ALL children in primary four to seven in Scotland will return to school full-time from 15 March, first minister Nicola Sturgeon has confirmed.
She gave the update to the Scottish Parliament this afternoon (Tuesday).
Primary one to three are already back in school as part of a phased return.
The phased return to secondary will see all pupils spend “some time” in school from 15 March to the Easter holidays, Sturgeon said.
Students in the senior phase of secondary school in S4-S6 who are taking national qualifications will have priority for face to face lessons in school.
Sturgeon said in response to a question about in-school provision resuming quicker in islands off the west cost of Scotland that local authorities will be given a “degree of flexibility” for secondary pupils returning after 15 March.
The first minister said all secondary pupils should be back in school full-time after the Easter holidays.
The parliament was also told that people will now be able to enter another house in order to support the welfare and wellbeing of a parent of a child who is under the age of one.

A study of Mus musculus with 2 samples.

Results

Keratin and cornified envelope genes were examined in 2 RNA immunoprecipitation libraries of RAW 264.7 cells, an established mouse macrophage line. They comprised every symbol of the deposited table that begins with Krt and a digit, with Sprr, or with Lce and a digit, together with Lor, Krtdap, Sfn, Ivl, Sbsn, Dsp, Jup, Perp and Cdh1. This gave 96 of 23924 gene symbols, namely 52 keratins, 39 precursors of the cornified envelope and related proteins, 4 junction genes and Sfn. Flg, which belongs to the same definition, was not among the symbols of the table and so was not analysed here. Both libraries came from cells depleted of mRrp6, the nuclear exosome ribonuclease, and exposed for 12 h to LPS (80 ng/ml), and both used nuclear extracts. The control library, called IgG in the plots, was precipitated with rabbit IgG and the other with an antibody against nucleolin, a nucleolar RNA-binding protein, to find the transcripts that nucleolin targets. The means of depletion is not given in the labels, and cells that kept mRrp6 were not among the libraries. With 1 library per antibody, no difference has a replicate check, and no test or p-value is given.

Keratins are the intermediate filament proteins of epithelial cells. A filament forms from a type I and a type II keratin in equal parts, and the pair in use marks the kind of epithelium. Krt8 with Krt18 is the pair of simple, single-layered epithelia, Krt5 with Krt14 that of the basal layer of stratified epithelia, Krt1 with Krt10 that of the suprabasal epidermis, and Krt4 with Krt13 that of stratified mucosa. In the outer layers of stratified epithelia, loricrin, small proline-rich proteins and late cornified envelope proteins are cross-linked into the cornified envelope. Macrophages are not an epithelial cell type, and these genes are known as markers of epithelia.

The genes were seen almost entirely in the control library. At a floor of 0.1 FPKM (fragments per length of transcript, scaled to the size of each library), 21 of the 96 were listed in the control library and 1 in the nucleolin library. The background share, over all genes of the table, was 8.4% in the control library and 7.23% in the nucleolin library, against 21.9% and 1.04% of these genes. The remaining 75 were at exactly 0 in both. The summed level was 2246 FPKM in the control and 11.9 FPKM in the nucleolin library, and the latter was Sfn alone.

Prior to this people could only come into other houses for other essential purposes like care and childcare.
Sturgeon also told parliament that the government may be able to accelerate the exit from lockdown as a result of encouraging figures on coronavirus.
She said the vaccination programme and suppression of the virus is looking positive – but a “sensible” approach still must be taken with lifting restrictions.
Meanwhile, new guidance shows that it may be more difficult for areas of Scotland to drop down a tier once the levels system is reintroduced.
Due to absence of Covid cases, however, Shetland would be deemed ‘level zero’ at the moment.
This was also the case, though, when the levels system was introduced last year, and the national picture meant that Shetland was placed in level one.
Yet again Shetland recorded no new cases in today’s daily update.
The latest vaccine figures show that as of 1 March more than 9,000 people in Shetland had received their first dose.
All care homes in Shetland, meanwhile, have also resumed indoor visiting for up to two visits per resident per week, with up to two designated visitors.
Depute director of community health and social care Jo Robinson said: “This is welcome news, and feels like a huge step forward.
“Our teams have been working hard to ensure the safe return of visits to our care homes, and this will certainly go a long way towards supporting the wellbeing of residents, as well as their families and friends.”